The sales tax hit the 10 percent mark in parts of Pierce, King and Snohomish counties — and broke the barrier in a few communities — as of April 1, thanks to Sound Transit’s half-percentage-point increase.
Tacoma and Seattle are now at 10.1 percent; not only is that higher than surrounding towns, it doesn’t even have the slightly mitigating offset of being easy to compute in one’s head.
If area taxpayers are feeling grumpy about that — and they are — they can at least console themselves that even at 10.1 percent they’re not paying the highest sales tax in the state. That dubious honor falls to several cities in Snohomish County, including Mill Creek and Lynnwood (10.4 percent) and Edmonds, Bothell and Mukilteo, among others (10.3).
Some consolation, huh?
On a $100 item, a 10.1 percent sales tax is $10.10, up from $9.60 under the old schedule for Tacoma. Fifty cents is probably not enough to get you to change your shopping habits. Is a $5 increase on a $1,000 purchase enough to notice?
That’s one of two questions to watch as this latest increase becomes retailing reality. The other: Will this and other tax increases, enacted and proposed, change people’s political habits?
People don’t have to pay 10.1 percent in sales tax. They could seek out the state’s lowest sales-tax rate, which according to a Department of Revenue chart appears to be in the unincorporated areas of Klickitat County, at 7 percent. Don’t know how much retailing those areas hold, or how much there is in the county’s metropolises of Bingen, Goldendale and White Salmon, each at 7.5 percent, but if you’re in the neighborhood anyway …
But consumers don’t need to go wandering so far from home to catch a break. Retailers in Snohomish County, especially in the northern part, might be a bit nervous about the temptation that lies across the line in Skagit County, where the rate for unincorporated areas is 8.1 percent; for most of the cities it’s 8.5 (Mount Vernon goes all the way to 8.7).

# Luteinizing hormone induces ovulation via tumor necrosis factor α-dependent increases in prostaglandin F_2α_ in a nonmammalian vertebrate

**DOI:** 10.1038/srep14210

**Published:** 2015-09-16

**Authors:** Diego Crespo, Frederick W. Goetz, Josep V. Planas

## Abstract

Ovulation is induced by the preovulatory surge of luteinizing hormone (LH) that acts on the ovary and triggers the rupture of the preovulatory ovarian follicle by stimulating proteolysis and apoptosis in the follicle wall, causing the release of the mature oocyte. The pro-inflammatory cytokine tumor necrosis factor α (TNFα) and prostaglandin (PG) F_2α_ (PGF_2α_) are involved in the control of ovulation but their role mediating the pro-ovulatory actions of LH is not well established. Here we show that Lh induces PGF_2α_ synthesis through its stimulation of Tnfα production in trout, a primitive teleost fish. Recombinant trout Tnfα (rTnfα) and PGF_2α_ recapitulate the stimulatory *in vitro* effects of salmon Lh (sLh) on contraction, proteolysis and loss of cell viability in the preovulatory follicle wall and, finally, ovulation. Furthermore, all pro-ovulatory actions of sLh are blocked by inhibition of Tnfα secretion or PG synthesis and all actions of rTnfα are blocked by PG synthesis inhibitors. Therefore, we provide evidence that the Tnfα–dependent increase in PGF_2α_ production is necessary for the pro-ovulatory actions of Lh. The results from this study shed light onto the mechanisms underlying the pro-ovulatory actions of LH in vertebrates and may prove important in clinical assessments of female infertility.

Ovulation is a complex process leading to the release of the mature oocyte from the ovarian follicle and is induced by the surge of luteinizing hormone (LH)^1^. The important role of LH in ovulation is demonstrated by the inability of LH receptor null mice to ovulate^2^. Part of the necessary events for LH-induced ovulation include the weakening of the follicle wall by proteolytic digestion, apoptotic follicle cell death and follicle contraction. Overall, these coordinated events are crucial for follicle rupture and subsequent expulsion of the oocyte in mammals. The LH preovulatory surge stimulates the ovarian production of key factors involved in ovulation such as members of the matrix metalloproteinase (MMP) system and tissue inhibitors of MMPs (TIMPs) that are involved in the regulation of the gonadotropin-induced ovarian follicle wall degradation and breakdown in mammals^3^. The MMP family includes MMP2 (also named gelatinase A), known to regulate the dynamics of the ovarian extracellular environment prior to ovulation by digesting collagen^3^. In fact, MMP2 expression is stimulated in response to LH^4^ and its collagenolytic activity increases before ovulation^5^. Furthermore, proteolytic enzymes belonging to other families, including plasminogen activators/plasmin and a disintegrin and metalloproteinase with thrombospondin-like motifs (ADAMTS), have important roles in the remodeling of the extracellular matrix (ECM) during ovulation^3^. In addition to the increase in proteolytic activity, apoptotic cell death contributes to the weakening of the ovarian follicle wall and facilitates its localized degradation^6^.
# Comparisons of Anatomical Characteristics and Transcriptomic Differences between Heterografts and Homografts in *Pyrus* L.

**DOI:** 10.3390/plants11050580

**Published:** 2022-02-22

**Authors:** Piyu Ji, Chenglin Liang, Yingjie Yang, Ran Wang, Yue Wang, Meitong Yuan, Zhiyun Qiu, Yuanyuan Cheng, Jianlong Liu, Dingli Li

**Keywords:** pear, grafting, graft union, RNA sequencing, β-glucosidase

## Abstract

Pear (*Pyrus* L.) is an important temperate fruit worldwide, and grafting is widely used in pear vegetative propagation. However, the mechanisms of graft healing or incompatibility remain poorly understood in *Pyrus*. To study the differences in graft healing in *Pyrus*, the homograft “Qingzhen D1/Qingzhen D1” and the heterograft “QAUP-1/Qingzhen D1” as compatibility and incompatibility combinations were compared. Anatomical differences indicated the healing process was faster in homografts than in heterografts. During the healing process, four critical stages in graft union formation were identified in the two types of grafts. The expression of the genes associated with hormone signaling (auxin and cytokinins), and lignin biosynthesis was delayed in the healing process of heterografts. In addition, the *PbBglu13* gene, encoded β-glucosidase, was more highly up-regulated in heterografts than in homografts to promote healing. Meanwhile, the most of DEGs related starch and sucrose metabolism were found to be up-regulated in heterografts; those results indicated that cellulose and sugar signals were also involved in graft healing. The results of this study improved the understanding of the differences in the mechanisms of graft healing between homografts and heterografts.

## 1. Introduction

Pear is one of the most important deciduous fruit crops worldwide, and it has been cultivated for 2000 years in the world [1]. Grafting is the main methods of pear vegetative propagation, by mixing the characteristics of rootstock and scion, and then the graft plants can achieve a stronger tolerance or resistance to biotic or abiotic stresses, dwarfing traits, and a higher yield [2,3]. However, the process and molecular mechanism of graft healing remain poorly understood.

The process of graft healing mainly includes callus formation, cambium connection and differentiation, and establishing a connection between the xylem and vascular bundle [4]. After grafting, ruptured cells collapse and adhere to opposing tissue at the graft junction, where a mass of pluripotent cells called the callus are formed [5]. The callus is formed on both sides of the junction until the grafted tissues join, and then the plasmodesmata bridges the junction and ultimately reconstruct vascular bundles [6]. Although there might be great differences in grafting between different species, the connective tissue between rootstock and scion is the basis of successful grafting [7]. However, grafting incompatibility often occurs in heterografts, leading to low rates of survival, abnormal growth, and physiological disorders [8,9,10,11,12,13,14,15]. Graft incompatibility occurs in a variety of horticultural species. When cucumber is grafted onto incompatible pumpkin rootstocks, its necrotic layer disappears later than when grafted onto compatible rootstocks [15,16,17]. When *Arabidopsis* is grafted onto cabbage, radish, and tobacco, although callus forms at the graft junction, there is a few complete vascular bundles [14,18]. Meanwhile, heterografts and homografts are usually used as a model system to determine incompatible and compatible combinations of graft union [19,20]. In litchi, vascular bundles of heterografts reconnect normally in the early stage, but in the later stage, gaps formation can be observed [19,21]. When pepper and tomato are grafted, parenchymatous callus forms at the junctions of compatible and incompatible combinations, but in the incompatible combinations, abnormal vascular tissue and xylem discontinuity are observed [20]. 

How about Pierce County? Tacoma has the highest rate, with a number of close-in towns (including Puyallup, Ruston, University Place and Lakewood) right behind at 9.9 percent. But cross the bridge to Gig Harbor and you’re paying just 8.5 percent. And you can find some areas — unincorporated Pierce County outside Sound Transit’s reach, Buckley – as low as 7.9 percent.
Of course, if you want to eliminate the sales-tax portion of the bill, and are willing to ignore the use-tax obligation, Oregon is only too happy to remind you (and does in its advertising) that it has no sales tax.
You could also find an internet retailer with no physical presence (the fancy-pants term for that is “nexus”) in Washington and thus doesn’t collect sales tax, although again there’s that pesky use-tax deal.
Are the dollars and cents involved in differing sales-tax amounts sufficient to change behavior? They are if the items being sold are expensive enough, and it won’t just be consumers making a change. Consider the store owner or the developer of retailing property. If they absolutely have to be in the center of activity, such as a downtown, then the big sales-tax hit to customers is unavoidable. But those who have some flexibility in location may well take a close look at Revenue’s chart of sales-tax rates by location, as well as maps showing exactly where the boundaries of those locations are.
Consumers and business owners are also taxpayers, leading to a question posed recently by a correspondent, who wondered about the impact of the most recent sales-tax increase on future tax-raising ballot proposals and whether the tipping point has been hit.
By itself, maybe not. The problem is that it’s not by itself. Sound Transit got approval to raise three different taxes. Received your car-tab renewal notice and bill yet? There’s some happy reading.
And the hits just keep on coming. The mayor of Seattle and the King County executive say they want a sales-tax increase ballot measure next year for homeless programs. The executive has also floated a sales tax increase to fund arts groups. As long as the Legislature is in session, there’s a danger of tax increases coming from Olympia.
Last December a proposed sales tax increase for mental health programs failed to get sufficient votes in the Pierce County Council; one of the concerns raised by opponents was that taxpayers were being hit by other increases. Other entities may have designs on tax-increase proposals this year. But no one wants to be the one to test the taxpayer’s tolerance for more taxes to the point the question “Did that hurt?” is answered with the retort “Yes. Allow me to demonstrate on you just how much.”
Bill Virgin is editor and publisher of Washington Manufacturing Alert and Pacific Northwest Rail News. He can be reached at firstname.lastname@example.org.